Learning keywords is one of the best ways to keep abreast of the latest developments in a country. The China Academy of Translation, a research institute affiliated with the China International Publishing Group, the country's leading international publisher, regularly analyzes prevailing Chinese terms in various sectors and translates them into a number of foreign languages ranging from English to Arabic. In each issue, Beijing Review presents a selection of these keywords to help readers know more about China.
Silk Road Fund
On November 8, 2014, President Xi Jinping announced that China would invest $40 billion to set up the Silk Road Fund. The Fund will support the development of infrastructure and resources, and industrial cooperation, among other projects, in the countries along the land and sea Silk Roads. It will serve as a complement to, rather than a substitute for, other global and regional multilateral development banks, and will operate under the existing international economic and financial order.
Instead of simply dispensing economic aid, the fund will create major development opportunities for all through increased connectivity. It is open and welcomes the active participation of investors from Asia and beyond. Its establishment will spur the implementation of the Belt and Road Initiative and promote regional connectivity.
Developing a new model of major-country relations between China and the United States
Meeting with President Barack Obama of the United States at the Annenberg Retreat in California in June 2013, President Xi Jinping of China proposed building a new model of major-country relations. This new model, in his words, boils down to three principles: (a) no conflict or confrontation, which is a prerequisite; (b) mutual respect, which provides the basis for healthy major-country relations; and (c) mutually beneficial cooperation, which provides the means to turn this vision into a reality.
The Xi-Obama meeting at Yingtai
Chinese President Xi Jinping had a candid, relaxed, and informal meeting with U.S. President Barack Obama on the evening of November 11, 2014 at Yingtai, an island with ancient palace buildings within the Zhongnanhai compound. They discussed issues concerning Sino-U.S. relations and other major global and regional issues of mutual concern.
The two heads of state had a long, relaxed conversation while strolling at Yingtai. Xi briefed Obama on the history of Yingtai which could be seen as a mirror to reflect today's reality. The DNA of traditional Chinese culture is, in Xi's words, embedded in contemporary Chinese thinking and in the governance strategies of the Chinese Government. Diverging national contexts of the two countries with regard to history, culture, development paths, and stages of development, he noted, underscore the importance of mutual understanding, mutual respect, and tolerance for differences in the search for common ground and lasting peace. In response, Obama acknowledged that the talk had enabled him to gain a better insight into China's realities and the governance philosophy of the Chinese Government and its leaders, and a better understanding of the aspirations of the Chinese people for national unity and stability. Debunking the notion that the United States seeks to contain China, he reiterated his willingness to have a candid dialogue with China so as to foster mutual understanding, and welcomed China as a constructive player in international affairs in the shared endeavor to address global challenges and promote peace and security in the Asia-Pacific region and the world.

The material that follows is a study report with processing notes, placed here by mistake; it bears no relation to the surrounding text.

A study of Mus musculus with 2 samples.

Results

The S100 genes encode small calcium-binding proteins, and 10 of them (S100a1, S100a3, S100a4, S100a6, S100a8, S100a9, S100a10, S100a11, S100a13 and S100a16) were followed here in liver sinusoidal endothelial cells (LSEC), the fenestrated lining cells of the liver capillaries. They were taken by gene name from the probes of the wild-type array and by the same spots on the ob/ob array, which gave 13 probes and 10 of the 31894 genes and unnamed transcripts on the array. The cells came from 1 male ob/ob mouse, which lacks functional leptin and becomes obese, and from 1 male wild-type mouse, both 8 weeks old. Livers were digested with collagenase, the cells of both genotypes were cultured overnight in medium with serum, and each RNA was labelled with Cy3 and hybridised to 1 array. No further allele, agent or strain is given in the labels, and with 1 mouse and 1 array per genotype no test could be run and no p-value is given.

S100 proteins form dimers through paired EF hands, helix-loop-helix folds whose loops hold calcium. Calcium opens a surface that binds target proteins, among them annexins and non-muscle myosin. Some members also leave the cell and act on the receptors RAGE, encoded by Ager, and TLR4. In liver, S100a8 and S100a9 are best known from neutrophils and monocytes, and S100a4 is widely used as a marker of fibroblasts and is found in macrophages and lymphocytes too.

The talk at Yingtai, a continuation of the open-necked informal summit at the Annenberg Retreat in California, represented another innovative diplomatic engagement at the most senior level between China and the United States. The event helped both sides foster mutual trust and better gauge each other's intentions at a strategic level, and further demonstrated the imperative for both governments to work towards a new model of major-country relationship.